At least 19 people are dead, including nine children, after the city’s deadliest fire in more than 30 years tore through a Bronx apartment building Sunday morning, according to a police official.
The five-alarm blaze broke out just before 11 a.m. at 333 E 181st St, a 19-story building in the West Bronx, the FDNY said.
“This is going to be one of the worst fires we have witnessed in the City of New York in modern times,” Mayor Eric Adams said.
Around 200 FDNY members responded to battle the inferno.
Among the dead is a 4-year old, according to police sources. Fire officials said that at least 32 people sustained life-threatening injuries.
FDNY Commissioner Daniel Nigro said authorities “expect there to be numerous fatalities, but we don’t know yet.”
Adams, speaking from the scene of the blaze Sunday, called it “a horrific, horrific painful moment for the City of New York.”
“The impact of this fire is going to really bring a level of pain and despair in this city,” the mayor said at a press conference.
Among 63 residents injured, 32 had life-threatening injuries, nine had serious injuries, and 22 were treated with non-life-threatening injuries, Adams said. One FDNY member was also injured and brought to the hospital.
Nigro said at a presser that the department responded within three minutes and the fire spanned the second and the third floors.
“This smoke extended the entire height of the building, completely unusual,” he said. “Members found victims on every floor in stairwells.”
Nigro called the fire “unprecedented in our city.”
“The last time we had a loss of life that may be this horrific was at Happy Land Fire over 30 years ago here in the Bronx.”
Fire officials don’t yet know the origin of the fire.
“What I do know…is that the door to that apartment was left open causing the fire to spread and smoke to spread, which is always a problem for us. As we see here by the broken windows throughout the building, this fire took its toll on our city,” he said.
The building currently stands as a shell of its former self, with windows and multiple floors broken and obvious fire damage on the lower floors.
Cristal Diaz, 27, a resident of the 15th floor, grabbed cousins, her aunt and dog “Fluffy” when she realized there was a fire.
“I was drinking coffee in the living room and I started smelling smoke. We started putting water on towels and the bottom of the door. Everything was crazy,” Diaz said. “We didn’t know what to do. We looked out the windows and saw all the dead bodies they were taking with the blankets.
Alanny, 13, her niece, said, “We saw moms fainting. They saw their kids dying.”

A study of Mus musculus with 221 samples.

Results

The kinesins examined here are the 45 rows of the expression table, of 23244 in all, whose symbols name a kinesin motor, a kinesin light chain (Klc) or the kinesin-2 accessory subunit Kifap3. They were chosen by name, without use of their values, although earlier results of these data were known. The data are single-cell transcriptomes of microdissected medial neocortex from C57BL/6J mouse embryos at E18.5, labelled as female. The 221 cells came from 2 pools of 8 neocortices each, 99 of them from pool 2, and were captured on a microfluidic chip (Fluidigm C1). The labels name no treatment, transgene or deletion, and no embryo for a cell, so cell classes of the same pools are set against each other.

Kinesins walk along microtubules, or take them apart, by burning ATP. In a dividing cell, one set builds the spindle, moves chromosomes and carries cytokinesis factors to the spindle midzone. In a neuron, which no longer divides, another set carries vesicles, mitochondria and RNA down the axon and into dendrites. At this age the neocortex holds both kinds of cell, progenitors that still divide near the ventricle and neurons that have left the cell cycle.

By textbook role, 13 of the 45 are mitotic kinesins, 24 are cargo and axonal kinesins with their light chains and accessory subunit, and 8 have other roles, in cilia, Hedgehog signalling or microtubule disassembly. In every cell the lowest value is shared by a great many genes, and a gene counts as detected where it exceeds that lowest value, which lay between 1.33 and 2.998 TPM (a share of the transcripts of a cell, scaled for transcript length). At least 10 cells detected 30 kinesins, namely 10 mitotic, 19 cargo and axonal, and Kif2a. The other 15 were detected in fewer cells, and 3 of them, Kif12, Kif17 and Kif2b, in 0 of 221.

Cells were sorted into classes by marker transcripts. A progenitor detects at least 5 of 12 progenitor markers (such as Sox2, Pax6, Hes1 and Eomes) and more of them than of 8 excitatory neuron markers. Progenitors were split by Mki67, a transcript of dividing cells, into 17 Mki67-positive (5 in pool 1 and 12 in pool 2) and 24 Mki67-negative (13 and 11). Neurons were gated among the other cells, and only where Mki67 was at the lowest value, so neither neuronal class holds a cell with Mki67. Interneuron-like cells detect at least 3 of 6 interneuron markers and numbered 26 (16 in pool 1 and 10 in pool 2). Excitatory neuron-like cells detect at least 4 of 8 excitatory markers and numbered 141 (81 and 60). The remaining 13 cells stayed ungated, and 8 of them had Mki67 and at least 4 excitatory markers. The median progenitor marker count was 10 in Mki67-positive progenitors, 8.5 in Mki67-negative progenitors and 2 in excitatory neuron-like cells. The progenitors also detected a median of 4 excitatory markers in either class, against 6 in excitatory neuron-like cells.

“We saw a bunch of bodies coming out. People from my childhood were dying,” Alanny said.
Christopher Carrasquilo, 65, who lives next door, ran into the building to help save residents.
“A little kid was stuck in the elevator. I had to bring him down. It was something like 9/11,” he said with tears in his eyes.
“They need fire escapes. They gotta put fire escapes,” he said. “The owner who owns this building gotta do something about it.”
The FDNY said buildings of this height never have fire escapes.
Icy conditions made it tough to fight the fire, and the FDNY said it took more than an hour to put down the blaze.
Rachel McKenzie, a ninth floor resident, was in tears at the scene. “It is all too much. Oh God,” she said. “They’re still looking for women and children. I can’t talk.”
Another ninth floor resident, Fatima, who declined to give her last name, said she is blessed to be alive.
“You can’t explain it. Thank god I found my 3-year-old daughter. We went down the stairwell and it was pitch black. You couldn’t see a thing,” she said. “We went onto the 6th floor and a neighbor let us in and we stayed there until the firemen took us out. It was traumatizing.”
Harrowing images from the scene show a firefighter cradling a baby rescued from the fire, a victim on a stretcher, and a woman sitting on the ground being helped by paramedics with soot on her face.
“Something like this happens, but you never expect this to happen to you,” Diaz said.
Before Sunday, the city’s deadliest blaze in more than a quarter-century killed 13 people —including a year-old child — in a Bronx apartment building the night of Thursday, Dec. 28, 2017. That fire was the deadliest New York City blaze since 87 people perished in March 1990 in the Happy Land social-club arson attack, which took place less than a mile away.